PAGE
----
Saturday, January 20, 2018
News Roundup

Woman sentenced to 13 years for Hudson crash that killed triplet

NEW PORT RICHEY — Betty-Jo Tagerson, the woman who drove her Jeep into a group of children playing tag on a lawn and killed 5-year-old Delaney Rossman, leaned on a walker Tuesday as she made her way to the front of the courtroom.

She cried. She asked the judge for mercy.

"The sentence I receive today will not bring sweet Delaney back," Tagerson said, her voice quivering.

She said she has been living in her own personal hell — a "life sentence," she said — because of her grief over killing Delaney, a triplet. The surviving sisters, Isabella and Gabrielle, now 7, were not in the courtroom Tuesday, though they had testified during Tagerson's trial in January. Gabrielle was severely hurt by the Jeep and spent two weeks in a medically induced coma. Isabella remembers Delaney lying on the grass and not breathing. On birthdays and holidays, the girls now visit a memorial for Delaney and bring her flowers and balloons. They are in the first grade.

"I am truly sorry for what's happened," Tagerson said. "My life will never be the same. Every day I wake up to the pain that her mother and sisters wake up to every morning."

Circuit Judge Michael Andrews sentenced Tagerson to 13 years in prison, followed by 5 years' probation. He permanently revoked her license.

Delaney's mother, Danielle Malm, had asked Andrews to give Tagerson the maximum sentence: 25 years in prison.

"She had the ability to prevent this, and she didn't," Malm said.

Andrews told Malm he wished he could say something that would ease her pain for the loss of "that beautiful, bubbly child."

"There is nothing I could say that, in the end, would lighten your load," Andrews said. "But at the same time, I am asked to look at this impartially."

He said Tagerson did not get the maximum sentence because she had no prior criminal history, other than a scheme to defraud charge from 2007. She pleaded no contest Tuesday to stealing $19,000 from a doctor's office in New Port Richey, where she worked as an office manager. She was sentenced to five years' probation in that case.

"My daughter is a very loving and caring person," Tagerson's mother, Theresa Ambrowsky, told the court. "She has made some mistakes in her life but in no way did she intentionally set out to harm those children that day."

Ambrowsky said she was with her daughter when Tagerson found out Delaney was dead.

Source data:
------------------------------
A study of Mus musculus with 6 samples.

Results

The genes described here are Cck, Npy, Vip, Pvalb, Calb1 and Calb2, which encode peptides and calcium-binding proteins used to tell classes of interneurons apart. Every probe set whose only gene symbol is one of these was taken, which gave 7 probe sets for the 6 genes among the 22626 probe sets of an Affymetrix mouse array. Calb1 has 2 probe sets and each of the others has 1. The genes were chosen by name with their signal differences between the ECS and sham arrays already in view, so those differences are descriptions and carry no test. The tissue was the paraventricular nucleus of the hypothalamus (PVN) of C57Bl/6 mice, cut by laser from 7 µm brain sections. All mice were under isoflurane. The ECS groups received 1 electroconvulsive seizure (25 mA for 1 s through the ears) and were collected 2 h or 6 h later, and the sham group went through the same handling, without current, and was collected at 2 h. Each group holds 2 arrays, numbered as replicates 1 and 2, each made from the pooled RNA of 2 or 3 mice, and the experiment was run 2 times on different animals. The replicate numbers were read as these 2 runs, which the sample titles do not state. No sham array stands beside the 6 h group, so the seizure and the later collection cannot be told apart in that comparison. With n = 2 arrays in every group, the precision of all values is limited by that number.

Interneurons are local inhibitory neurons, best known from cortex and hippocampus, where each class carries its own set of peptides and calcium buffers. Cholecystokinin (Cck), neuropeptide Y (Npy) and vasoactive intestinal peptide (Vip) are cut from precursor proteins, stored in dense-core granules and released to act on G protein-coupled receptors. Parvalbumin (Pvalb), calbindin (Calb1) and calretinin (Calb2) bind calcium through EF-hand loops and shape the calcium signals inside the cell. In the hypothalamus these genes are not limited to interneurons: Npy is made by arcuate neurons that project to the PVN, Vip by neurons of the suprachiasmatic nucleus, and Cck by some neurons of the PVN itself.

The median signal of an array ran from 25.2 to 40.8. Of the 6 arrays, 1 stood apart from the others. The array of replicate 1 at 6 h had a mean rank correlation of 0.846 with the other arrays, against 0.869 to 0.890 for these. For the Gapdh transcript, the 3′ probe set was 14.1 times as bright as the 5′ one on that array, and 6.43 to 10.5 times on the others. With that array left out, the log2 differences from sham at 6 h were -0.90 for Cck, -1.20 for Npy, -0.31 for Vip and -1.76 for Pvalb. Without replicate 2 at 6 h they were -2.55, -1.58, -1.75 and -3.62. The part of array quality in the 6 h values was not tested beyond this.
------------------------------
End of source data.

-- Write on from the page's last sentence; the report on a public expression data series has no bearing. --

"What was her reaction?" asked Tagerson's attorney Dennis Watson.

"She wanted to die," Ambrowsky said on the stand. "She didn't want to live."

"Did she show remorse?" Watson asked.

"Yes."

"How?"

"She just went hysterical crying and kept saying 'No, no.' She wanted to kill herself. We stayed with her day and night because we weren't sure she wouldn't."

At Tagerson's trial, a six-member jury found her guilty of vehicular homicide, culpable negligence manslaughter and two counts of reckless driving with serious injury. Tagerson lost control of her Jeep on Nov. 5, 2010, and careened into a yard full of children playing on King Manor Avenue in Hudson. A doctor testified Delaney had tire marks on her face and her skull was crushed.

Tagerson argued with her boyfriend, stormed into her Jeep and sped away. She quickly lost control, jumped a curb, smashed a mailbox and began rolling toward the yard full of girls. She hit a parked truck and the children and then fell out of her open driver's side door, which had a broken latch. She testified she did not bother tying her door shut, as she usually did with a cord, and she didn't wear her seat belt. An expert testified she would not have lost control of the car if she had been buckled in, because she wouldn't have been fighting to stay in the car.

Drugs weren't brought up during her three-day-trial, but the Florida Highway Patrol's report on the crash said she had prescribed levels of oxycodone in her system that night.

Malm said she is "content" with the sentence. She said Tagerson never took responsibility for the crash, but now she will be held accountable. Malm said she is glad this chapter in her life is done. Now she can focus on her daughters — and not on Tagerson. "I don't ever have to think about that woman again," she said.

Erin Sullivan can be reached at [email protected] or (727) 869-6229.